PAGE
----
The future of the Olympic Pentathlon may look different starting in 2028, as obstacle discipline is undergoing testing as a potential addition to Modern Pentathlon for the Olympic Summer Games in Los Angeles.
Currently consisting of fencing, swimming and equestrian leading up to pistol shooting, the International Modern Pentathlon Union (UIPM) is attempting to replace equestrian with the obstacle discipline. But first, it must demonstrate a reduction in cost and complexity and improvement across the areas of safety, accessibility, universality and appeal for young people and the general public.
The appeal seems to be there after a successful series of test events. The first was in Ankara, Turkey, on June 27–28, and the second in Manila, Philippines, from August 6–7. Yasser Hefny, the UIPM athletes committee chair, said several factor provide support to obstacle racing.
“Obstacle racing will significantly broaden the number of potential athletes in our sport and make modern pentathlon more dynamic and more appealing to young audiences worldwide — it is relatable, affordable, and accessible for kids everywhere,” Hefny said.
Obstacle racing has come a long way in being chosen as the possible replacement for equestrian. The UIPM received 61 proposals from 37 national federations. There are 30,000 permanent obstacle courses and training gyms worldwide and 20 million obstacle course racers worldwide, with 70,000 in the U.S. alone.
“At first, we were naturally a bit uncertain about the obstacle discipline,” Hefny said. “But after the first test in Ankara, Turkey, I can confidently say we had very positive feedback from the athletes. Everyone had a great time full of excitement and fun. We were like children enjoying our time on a large and challenging playground. It was fun discovering a new athletic experience. And the survey results we conducted and published on the UIPM website really reflect these positive emotions and feelings.”
The positive response continued during the third test event on a beach in Lignano Sabbiadoro, Italy, on September 9–10, in parallel with the UIPM 2022 Youth World Championships.
“We already saw a lot of excitement and enjoyment from athletes who tried obstacle discipline in Ankara and Manila but this test event took it to a new level,” Hefny said. “We heard the voice of youth loud and clear, both at the competition venue and in a meeting afterward. … I recommend that all generations of pentathletes listen carefully to the views of these athletes when forming their own opinions about the future direction of the sport.”
Taking a break from their participation in the UIPM competition, 122 pentathletes from 21 countries sampled Obstacle Discipline for the first time. The athletes who partook in the tests will be in their twenties by the time of the Los Angeles 2028 Olympic Games.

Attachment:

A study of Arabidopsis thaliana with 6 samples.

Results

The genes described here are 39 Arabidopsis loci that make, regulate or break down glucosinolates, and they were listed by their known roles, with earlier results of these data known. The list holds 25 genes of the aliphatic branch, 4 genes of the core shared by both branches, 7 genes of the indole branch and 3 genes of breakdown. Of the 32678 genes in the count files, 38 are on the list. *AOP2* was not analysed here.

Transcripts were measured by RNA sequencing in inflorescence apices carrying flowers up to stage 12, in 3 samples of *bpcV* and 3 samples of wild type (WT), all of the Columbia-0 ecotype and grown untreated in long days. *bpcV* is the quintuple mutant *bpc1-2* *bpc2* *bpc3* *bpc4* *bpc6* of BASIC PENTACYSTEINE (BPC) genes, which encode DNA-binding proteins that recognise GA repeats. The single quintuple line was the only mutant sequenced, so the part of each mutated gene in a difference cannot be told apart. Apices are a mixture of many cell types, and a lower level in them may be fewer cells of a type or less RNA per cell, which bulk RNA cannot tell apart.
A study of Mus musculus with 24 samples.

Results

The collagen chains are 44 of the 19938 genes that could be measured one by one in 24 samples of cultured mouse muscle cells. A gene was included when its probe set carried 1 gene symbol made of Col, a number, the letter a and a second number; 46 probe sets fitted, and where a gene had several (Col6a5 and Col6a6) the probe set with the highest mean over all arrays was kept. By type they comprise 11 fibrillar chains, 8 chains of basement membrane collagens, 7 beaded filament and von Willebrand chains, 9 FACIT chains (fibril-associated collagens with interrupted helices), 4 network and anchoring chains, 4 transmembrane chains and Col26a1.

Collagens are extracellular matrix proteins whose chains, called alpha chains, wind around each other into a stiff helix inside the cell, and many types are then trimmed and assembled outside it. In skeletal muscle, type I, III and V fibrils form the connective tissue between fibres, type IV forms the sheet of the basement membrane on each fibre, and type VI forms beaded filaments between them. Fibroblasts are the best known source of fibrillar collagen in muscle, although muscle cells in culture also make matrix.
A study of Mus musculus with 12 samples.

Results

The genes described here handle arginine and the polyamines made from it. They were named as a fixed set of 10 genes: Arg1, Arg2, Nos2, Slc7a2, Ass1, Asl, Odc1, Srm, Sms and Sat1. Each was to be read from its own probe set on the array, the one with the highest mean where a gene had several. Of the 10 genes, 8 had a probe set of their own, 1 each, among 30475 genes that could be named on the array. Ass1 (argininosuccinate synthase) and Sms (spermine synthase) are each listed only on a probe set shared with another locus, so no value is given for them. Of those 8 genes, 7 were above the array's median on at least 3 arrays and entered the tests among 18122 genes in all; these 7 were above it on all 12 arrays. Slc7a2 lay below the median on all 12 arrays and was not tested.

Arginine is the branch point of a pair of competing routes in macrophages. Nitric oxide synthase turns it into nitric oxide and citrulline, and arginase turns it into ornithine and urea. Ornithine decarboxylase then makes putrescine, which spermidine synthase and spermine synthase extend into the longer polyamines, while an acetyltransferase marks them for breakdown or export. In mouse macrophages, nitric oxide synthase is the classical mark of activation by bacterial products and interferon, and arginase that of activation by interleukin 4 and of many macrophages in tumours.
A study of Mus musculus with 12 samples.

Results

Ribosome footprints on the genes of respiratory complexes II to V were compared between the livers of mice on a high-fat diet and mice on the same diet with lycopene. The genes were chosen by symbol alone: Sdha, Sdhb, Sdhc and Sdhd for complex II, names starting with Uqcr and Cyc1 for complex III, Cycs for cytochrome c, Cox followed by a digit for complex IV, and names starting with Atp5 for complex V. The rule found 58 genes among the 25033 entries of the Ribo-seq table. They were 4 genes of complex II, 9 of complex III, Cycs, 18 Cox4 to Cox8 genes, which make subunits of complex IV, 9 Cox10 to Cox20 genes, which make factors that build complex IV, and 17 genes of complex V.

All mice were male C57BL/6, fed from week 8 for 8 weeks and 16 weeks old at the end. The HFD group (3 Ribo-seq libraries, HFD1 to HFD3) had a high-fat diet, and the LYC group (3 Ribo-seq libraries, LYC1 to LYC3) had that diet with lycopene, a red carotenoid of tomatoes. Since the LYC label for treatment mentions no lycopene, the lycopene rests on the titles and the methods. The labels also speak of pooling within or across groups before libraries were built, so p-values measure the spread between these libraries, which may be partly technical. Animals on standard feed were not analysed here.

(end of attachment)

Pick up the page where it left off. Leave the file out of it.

“I think it’s very intense and hard work but very fun,” said Jack Murray of Great Britain. “It’ll be a great addition to the modern pentathlon, and straight into the swimming or laser run, you need to get good with the arms.”
“I liked it, because I always watch TV series about obstacle courses at home, so I always wanted to try them,” said Milan Czak of Hungary.
Spectators who watch Ninja Warrior TV shows around the world may be wondering if the pentathlon version of obstacle racing will be similar to the shows. Hefny says they are still in the testing process, where various styles and forms of obstacles will be tried.
“Ninja Warrior is currently on the top of the list. It’s the style that we already tested and, having tested it myself with so many athletes, I can say that it was a fascinating, dynamic and successful experience,” Hefny said.
At the end of the testing and evaluation phase, the UIPM 2022 Congress will vote on proposals for the LA28 modern pentathlon format to be submitted to the International Olympic Committee. If obstacle racing is chosen to replace equestrian, the matter will be submitted for vote at the 140th IOC Session in 2023 and be the latest change in the sport that has been a feature of the Olympic Summer Games since 1912.
“I encourage all National Federations, coaches and support teams to give athletes the opportunity to participate in the obstacle discipline test and discover how this discipline can be successfully integrated into Modern Pentathlon’s future in the Olympic Games,” said UIPM President Dr. Klaus Schormann.